Katie Taylor's father Pete has blamed the Irish Amateur Boxing Association (IABA) and the departure of Billy Walsh for Ireland's lack of boxing medals at the Rio Olympics.
Speaking to Tommy Martin and Anna Daly on TV3’s 'Sunday AM', Pete Taylor, himself a former Irish boxing coach, explained where he felt the Irish boxing team fell down and his heartache at watching daughter Katie suffer defeat in Rio.
Taylor, who no longer trains his daughter Katie, said that Irish boxers' prospect suffered since the departure of Billy Walsh, who stepped down as coach in October 2015.
"I think she [Katie] looked a little bit tired going in to the ring. I think most of the boxers looked overtired to tell you the truth, they all looked tired," he said.
"I think that’s what the main problem was. I think it has been a mess since Billy left.
"They never replaced Billy and I think it was the wrong time for Billy and the association to get into conflict when they did and they were both at fault there, coming into an Olympic year.
"All of the focus should have been on the boxing gearing up to an Olympics.
Elaborating on his frustration at the IABA, Taylor said: "They needed a leader there, and they didn’t do that. That was the main problem.
"They thought all the boxers had to do was turn up. Over-confident."
Former professional boxer, Jim Rock, aka ‘The Pink Panther’, who joined Pete Taylor on the ‘Sunday AM’ couch, agreed with Pete’s view that the boxers peaked too soon and were tired.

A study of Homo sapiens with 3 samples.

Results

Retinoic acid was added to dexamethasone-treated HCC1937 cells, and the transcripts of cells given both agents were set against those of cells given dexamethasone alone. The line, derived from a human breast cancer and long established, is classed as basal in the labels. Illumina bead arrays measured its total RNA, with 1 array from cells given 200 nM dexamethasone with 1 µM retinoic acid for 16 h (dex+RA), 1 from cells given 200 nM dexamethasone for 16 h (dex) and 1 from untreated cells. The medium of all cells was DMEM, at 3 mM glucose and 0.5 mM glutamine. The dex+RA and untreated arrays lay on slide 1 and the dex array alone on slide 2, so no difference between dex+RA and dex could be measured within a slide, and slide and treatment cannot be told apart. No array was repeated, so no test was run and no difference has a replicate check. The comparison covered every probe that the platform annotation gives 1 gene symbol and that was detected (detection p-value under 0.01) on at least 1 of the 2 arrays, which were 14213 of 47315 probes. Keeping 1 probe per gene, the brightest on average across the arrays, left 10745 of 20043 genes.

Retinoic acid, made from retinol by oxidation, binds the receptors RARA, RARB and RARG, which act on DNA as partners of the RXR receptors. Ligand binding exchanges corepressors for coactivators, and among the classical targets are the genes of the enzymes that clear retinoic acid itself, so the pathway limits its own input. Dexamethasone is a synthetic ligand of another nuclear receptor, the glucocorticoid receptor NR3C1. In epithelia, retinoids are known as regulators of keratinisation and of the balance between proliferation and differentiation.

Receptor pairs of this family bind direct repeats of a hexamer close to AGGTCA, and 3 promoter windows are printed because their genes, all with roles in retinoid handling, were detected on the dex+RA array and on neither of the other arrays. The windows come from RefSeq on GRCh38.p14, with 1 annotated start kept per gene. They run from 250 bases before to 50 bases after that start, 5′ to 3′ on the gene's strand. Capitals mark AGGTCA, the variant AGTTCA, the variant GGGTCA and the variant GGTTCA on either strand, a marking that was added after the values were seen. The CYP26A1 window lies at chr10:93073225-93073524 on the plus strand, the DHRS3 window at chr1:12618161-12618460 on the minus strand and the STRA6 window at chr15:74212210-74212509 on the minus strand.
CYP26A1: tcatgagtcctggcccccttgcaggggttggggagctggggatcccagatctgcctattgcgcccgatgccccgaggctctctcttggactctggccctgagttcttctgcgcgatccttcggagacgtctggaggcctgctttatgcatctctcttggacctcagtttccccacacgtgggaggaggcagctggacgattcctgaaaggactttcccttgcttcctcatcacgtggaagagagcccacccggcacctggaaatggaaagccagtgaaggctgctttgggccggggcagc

"They reached their peak too soon," he said.
"These guys are training twice a day, sometimes three times. If you peak too soon, you’re not going to perform on the day.
"Your trainer can read you as well as you can read yourself.
"Sometimes you need a day or two off to rest and then you come back in and you’re like a new pin."
Taylor also pointed to the fact that Katie was left without a coach in the week leading up to her fight as all three Olympic coaches were in Rio, while she was back in Ireland.
"One of the Olympic coaches should have stayed there [in Ireland] to manage Katie.," he said.
"That last week of training is so important. It’s when you get your most spars in and you taper when you get over to Rio.
"I just think it was managed badly, they lacked a leader."
Meanwhile, Billy Walsh’s impact on the USA team has been felt in Rio where they have secured a number of medals including a light flyweight win – the first in 28 years for the team.
Having trained boxing star Katie and helped her secure gold at the London 2012 Olympics, Pete explained how frustrated he was watching from the outside in: "It was heart-breaking to tell the truth.
"But, when you’re on the outside you can’t step in anyway. There are plans in place; you can’t be interfering with the plans that have been put in place."
Taylor believes that the IABA needs to reform.
When asked if he’d like to get back involved with the High Performance Unit, he said: "I’m not interested. There’s too much politics there.
"The High Performance team needs to be restructured now. The High Performance was a flagship for IABA but there was so much conflict between IABA and the High Performance.
"It’s like a jealousy thing. That’s what the problem is. It needs to be gelled together a little bit better and it needs to be changed."
On the questionable scoring system in Rio, he said: "It’s always been like that.
"Amateur boxers are used to it now, but when you go onto the biggest stage in the world, you’re meant to have the best referees and judges in the world as well.
"It shouldn’t happen but it does – that’s why the scoring was changed to the computer scoring and now it’s changed back again like it was 20-30 years ago.”